Today's theme is highwaymen (and their bold female counterparts) in British balladry. It's a subject of particular interest to me, for I've recently learned that I'm very, very distantly related to one John Clavell (1601-1643), known in his day as the "poetical highwayman" -- a robber, a rogue, and the author of "A Recantation of an Ill Led Life." * These songs of scofflaws and ne'er-do-wells are dedicated to Ellen Kushner and the writing team of the Tremontaine series. If you're following these fabulous stories online, or have read the new anthology, Tremontaine, then you'll know why.
Above: "Shoot Them All" by Pilgrims' Way, whose new album, Stand & Deliver, is entirely devoted to highwaymen and brigands. "Shoot Them All" is their exuberant rendition of a traditional song known variously as "The Undaunted Female," "The Staffordshire Maid," and "The Serving Girl and the Robber."
Below, a really lovely version of "The Newry Highwayman" by Kim Lowings and The Greenwood, from their new album, Wild & Wicked Youth. The song is also known as "The Flash Lad," "The Rambling Blade," and "Adieu, Adieu."
Above: "Alan Tyne of Harrow" by James Fagan & Nancy Kerr. The exact history of this 18th century broadside ballad is a contested one, but it's probably a variant of an older Irish song, "Valentine O'Hara."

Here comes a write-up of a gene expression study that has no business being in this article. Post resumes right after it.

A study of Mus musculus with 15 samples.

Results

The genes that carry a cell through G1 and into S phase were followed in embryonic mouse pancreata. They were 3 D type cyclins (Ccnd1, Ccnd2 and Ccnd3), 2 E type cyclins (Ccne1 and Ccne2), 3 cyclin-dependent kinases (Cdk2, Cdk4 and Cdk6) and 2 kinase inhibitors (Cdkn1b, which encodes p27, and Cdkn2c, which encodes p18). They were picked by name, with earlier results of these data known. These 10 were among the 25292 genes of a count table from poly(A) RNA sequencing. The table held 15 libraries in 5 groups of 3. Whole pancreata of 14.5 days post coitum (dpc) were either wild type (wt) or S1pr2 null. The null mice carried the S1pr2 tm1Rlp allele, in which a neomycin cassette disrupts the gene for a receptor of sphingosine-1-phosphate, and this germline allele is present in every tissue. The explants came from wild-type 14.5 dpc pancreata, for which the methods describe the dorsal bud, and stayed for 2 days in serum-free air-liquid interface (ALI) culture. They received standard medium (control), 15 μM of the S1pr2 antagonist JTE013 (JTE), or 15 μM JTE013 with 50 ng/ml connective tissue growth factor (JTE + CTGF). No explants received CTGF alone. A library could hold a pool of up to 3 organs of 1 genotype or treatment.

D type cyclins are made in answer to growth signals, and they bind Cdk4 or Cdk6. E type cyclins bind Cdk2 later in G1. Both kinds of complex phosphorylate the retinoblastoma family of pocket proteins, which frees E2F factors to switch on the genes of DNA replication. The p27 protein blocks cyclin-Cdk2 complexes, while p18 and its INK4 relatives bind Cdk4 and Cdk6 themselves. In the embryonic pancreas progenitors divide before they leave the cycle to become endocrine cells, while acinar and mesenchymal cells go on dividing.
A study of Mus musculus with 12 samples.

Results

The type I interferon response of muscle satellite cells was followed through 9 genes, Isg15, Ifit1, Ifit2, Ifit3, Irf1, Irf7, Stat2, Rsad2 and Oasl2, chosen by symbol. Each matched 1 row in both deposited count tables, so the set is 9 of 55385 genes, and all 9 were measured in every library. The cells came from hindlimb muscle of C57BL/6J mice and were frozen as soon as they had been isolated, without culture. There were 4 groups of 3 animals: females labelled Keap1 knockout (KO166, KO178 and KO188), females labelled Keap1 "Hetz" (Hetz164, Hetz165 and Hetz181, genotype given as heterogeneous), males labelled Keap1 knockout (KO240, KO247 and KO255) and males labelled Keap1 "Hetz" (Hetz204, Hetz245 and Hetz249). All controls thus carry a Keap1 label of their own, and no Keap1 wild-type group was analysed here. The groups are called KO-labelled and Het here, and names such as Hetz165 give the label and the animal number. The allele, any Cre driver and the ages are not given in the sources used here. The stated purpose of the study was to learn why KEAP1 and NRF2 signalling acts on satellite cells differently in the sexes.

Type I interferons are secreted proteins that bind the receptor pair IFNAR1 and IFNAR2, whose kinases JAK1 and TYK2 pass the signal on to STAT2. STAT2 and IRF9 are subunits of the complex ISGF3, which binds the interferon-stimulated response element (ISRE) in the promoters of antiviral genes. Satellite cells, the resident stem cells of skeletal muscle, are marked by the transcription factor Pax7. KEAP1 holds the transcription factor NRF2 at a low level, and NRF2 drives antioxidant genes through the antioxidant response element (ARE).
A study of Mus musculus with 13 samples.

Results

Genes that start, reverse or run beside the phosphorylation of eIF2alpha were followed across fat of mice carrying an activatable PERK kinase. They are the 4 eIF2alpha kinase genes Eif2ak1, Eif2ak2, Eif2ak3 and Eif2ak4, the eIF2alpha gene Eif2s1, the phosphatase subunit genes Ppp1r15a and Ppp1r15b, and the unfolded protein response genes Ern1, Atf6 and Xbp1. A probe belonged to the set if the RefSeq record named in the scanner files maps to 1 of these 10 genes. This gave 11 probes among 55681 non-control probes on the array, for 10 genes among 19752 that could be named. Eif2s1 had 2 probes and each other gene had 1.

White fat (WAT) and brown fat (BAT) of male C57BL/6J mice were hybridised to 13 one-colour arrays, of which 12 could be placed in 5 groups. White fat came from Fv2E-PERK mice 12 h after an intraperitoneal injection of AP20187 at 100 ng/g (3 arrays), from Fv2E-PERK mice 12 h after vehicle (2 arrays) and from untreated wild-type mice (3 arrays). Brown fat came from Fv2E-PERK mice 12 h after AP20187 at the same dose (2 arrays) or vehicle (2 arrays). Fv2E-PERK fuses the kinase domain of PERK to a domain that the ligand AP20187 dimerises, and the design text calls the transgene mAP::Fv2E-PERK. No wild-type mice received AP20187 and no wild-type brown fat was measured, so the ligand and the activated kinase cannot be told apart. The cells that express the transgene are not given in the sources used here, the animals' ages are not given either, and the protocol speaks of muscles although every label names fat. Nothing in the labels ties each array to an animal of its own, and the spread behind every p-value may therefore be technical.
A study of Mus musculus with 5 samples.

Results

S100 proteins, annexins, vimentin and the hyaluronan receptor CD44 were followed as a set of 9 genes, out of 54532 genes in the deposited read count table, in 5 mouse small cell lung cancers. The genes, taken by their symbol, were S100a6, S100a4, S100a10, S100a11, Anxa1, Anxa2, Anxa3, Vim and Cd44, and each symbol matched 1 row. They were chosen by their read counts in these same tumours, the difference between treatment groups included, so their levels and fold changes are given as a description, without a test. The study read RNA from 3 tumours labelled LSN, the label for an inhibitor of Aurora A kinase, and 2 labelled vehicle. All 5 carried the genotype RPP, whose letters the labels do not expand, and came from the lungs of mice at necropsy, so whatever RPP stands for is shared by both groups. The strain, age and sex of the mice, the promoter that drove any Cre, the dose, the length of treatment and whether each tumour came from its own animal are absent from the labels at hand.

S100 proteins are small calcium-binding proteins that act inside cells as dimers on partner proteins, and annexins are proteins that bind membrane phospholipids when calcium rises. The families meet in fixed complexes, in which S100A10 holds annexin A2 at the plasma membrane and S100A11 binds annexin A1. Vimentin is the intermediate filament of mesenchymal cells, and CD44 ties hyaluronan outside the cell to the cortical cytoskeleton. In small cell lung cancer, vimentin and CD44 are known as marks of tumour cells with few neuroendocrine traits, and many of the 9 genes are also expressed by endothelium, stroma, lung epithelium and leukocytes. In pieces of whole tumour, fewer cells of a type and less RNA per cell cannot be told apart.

Below: "Turpin Hero" by Jake Bugg (audio only). This too is an 18th century ballad, but based on a known historical character. As A.L. Lloyd explains: "Dick Turpin, an East End butcher’s boy, commenced his wild career by stealing cattle in West Ham and selling the beef, door to door. Pursued by the law, he took to housebreaking and highway robbery. Things became hot, he retired, got into a squabble over a gamecock, was arrested, unmasked, and hanged on April 6, 1739."
Above: "Sylvie," a song also known as "Sovay" and "The Female Highwayman." Collected in Oxfordshire in 1911 by Cecil Sharp (but certainly much older), it was popularized during the '60s folk revival by a beautiful rendition from Pentangle. The version above was recorded for a forthcoming album of ballads by Rachel McShane, with her band The Cartographers. She stitched the song together, she says, "from lyrics found in dusty old books and websites and wrote a new melody and arrangement."
Below: "The Highwayman," written by Alfred Noyes in 1906, with new music composed by Canadian harpist and music scholar Loreena McKennitt (audio only). It's from her gorgeous sixth album, The Book of Secrets (1997).
Some other good songs about highwaymen: "Salisbury Plain" (Maddy Prior does a good version on Lionhearts, and Lisa Knapp on Wild and Undaunted); "Jack Hall" (Sam Carter sings this one on Live at Union Chapel); and Adam Ant's cheeky "Stand and Deliver" (from the New Romantic era of '80s rock).
The art in this post is from a children's book version of "The Highwayman" by Alfred Noyes, illustrated by Charles Mikolaycak (1937-1993).
*Although it's not known where the Clavell family originated (some say the Celtic region of Spain), John Clavell's branch setttled in Dorset, England, while mine lived in the French Alps, near Grenoble, before fleeing to Switzerland and the Netherlands during the Reformation. My many-times-great-grandfather, George Craft Clavel, sailed on a Dutch ship to Philadelphia as child in 1737, where he was sold to a button factory owner to help pay for the family's passage. He paid off the bond after five year's work, rejoined his family, and became a farmer and Indian trader on what was then the remote Pennsylvania frontier.